Introduction

Life in the wild west was coming to an age of law and order and the remaining outlaws and gunslingers were being hunted by the law and the few gangs are running for their lives. We will meet Arthur Morgan, Dutch and the rest of the gang in their most dire moments when they are running away for their lives. With the law chasing them and the few rivaling gangs left, life for Arthur and his friends is far from its glorious past few years. Welcome to the first episode from English Plus Red Dead Redemption 2 Video Series. We will meet Arthur Morgan and his friend in this episode and we will share in their hardship, but that’s not all; we will learn a lot of English along the way, and there’s always more on the website to practice and take your English to the next level.

Language Tip

Ain’t

Now you will come across this ‘ain’t’ a lot in this series, especially because of the setting of story, but that doesn’t mean at all that you can’t use ‘ain’t’ nowadays. It is used probably as much as it was used in the past, if not more in certain situations, but the first question we need to answer is what does it mean?

Well, it does not have a meaning on its own, but people sometimes use ‘ain’t’ instead of ‘am not’, ‘aren’t’, ‘isn’t’, ‘haven’t’, and ‘hasn’t’. Some people consider this use to be incorrect, but not all people. However, one thing you need to know for certain about ‘ain’t’; it’s definitely not appropriate to use ‘ain’t’ in formal writing or speaking — ‘ain’t’ is definitely informal.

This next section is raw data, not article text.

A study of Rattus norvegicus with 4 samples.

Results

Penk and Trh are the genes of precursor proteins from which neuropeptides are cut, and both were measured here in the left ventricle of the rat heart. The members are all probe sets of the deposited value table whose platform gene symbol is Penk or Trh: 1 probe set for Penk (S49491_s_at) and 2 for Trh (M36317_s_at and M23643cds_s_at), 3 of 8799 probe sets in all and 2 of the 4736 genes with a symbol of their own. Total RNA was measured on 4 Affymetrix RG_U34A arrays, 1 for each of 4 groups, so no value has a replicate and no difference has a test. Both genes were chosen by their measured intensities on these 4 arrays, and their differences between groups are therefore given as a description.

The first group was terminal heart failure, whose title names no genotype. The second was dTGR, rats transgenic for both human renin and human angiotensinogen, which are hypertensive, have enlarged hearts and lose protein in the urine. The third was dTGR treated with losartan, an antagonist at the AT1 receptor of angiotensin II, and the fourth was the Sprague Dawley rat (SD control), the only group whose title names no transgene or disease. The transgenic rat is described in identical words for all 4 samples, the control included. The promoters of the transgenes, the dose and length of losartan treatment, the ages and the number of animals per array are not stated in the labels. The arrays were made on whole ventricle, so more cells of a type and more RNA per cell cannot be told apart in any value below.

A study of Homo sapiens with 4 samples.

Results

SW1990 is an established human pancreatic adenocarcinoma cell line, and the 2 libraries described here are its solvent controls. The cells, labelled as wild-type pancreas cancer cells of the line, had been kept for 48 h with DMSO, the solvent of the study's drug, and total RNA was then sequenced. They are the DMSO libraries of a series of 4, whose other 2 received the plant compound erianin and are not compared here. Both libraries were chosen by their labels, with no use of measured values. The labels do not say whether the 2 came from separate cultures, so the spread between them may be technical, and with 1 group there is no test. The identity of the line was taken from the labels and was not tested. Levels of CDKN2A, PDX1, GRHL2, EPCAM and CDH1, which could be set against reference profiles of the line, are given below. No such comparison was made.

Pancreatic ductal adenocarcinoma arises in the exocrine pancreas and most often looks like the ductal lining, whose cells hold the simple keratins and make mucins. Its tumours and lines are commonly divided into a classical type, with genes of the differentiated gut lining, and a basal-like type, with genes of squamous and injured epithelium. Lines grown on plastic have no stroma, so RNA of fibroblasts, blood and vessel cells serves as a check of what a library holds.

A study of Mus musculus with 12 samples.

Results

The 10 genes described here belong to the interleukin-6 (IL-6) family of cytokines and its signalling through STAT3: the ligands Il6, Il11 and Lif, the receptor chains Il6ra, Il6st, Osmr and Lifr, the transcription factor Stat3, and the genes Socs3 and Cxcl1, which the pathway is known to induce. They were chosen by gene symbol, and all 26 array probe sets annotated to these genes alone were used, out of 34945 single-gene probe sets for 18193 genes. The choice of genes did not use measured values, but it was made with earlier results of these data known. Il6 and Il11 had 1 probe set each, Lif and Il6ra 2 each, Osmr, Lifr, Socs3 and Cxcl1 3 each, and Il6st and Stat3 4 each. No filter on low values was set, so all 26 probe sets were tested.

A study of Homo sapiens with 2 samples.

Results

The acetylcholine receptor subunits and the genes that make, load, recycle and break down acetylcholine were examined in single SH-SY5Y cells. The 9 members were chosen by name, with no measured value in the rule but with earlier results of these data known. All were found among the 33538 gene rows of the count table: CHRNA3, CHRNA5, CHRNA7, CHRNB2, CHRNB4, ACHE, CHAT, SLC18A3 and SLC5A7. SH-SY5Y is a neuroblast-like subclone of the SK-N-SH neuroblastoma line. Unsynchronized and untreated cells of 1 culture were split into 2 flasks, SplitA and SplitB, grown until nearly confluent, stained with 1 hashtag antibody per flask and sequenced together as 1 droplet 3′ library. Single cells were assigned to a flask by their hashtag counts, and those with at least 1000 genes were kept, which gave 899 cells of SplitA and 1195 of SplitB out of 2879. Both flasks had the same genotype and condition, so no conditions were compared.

So, let’s see how you can use it instead of other ways of forming negative:

• I am not happy about what happened — I ain’t happy about what happened.
• He is not going to let you in no matter how long you wait. — He ain’t gonna let you in no matter how long you wait.
• I haven’t seen anything like that before. — I ain’t seen anything like that before.
• She hasn’t talked to him in years. — She ain’t talked to him in years.

However, note that you can’t use ‘ain’t’ instead of ‘don’t’ or ‘doesn’t’

• She doesn’t like the way I talk to people. — She ain’t like the way I talk to people. (This is wrong because people will think you’re saying, ‘She isn’t like the way…’

So, use ‘ain’t’ only to replace ‘am not’, ‘aren’t’, ‘isn’t’, ‘haven’t’, and ‘hasn’t’.

And now for the more important question, when is it appropriate to use ‘ain’t’?

Although widely disapproved as nonstandard, and more common in the habitual speech of the less educated, ain’t is flourishing in American English. It is used in both speech and writing to catch attention and to gain emphasis. It is used especially in journalistic prose as part of a consistently informal style.

In fiction, ain’t is used for purposed of characterization; in familiar correspondence it tends to be the mark of a warm personal friendship. It has also long been commonly used in popular songs, both for metrical reasons and for the informal tone it conveys.

And while I did say that it is flourishing in American English, it’s almost as commonly used in British English.

I hope you like the language tip for this episode, and trust me, there’s going to be a lot of ain’ts in this series, so you’d better get used to it.

Comprehension Check

Let's see how much you remember of what happened in the episode.

Name
Where does the episode open?

2.
Who are the people in this group?

3.
Who seems to be the leader of the gang?

4.
Who died on the way?

5.
Who found the homestead?

6.
How did they find out that these men were criminals?

7.
Who was the lady in the house?

8.
Who set the house on fire?

9.
What did the men do with Mrs. Adler?

10.
Who do you think are the O'Driscolls?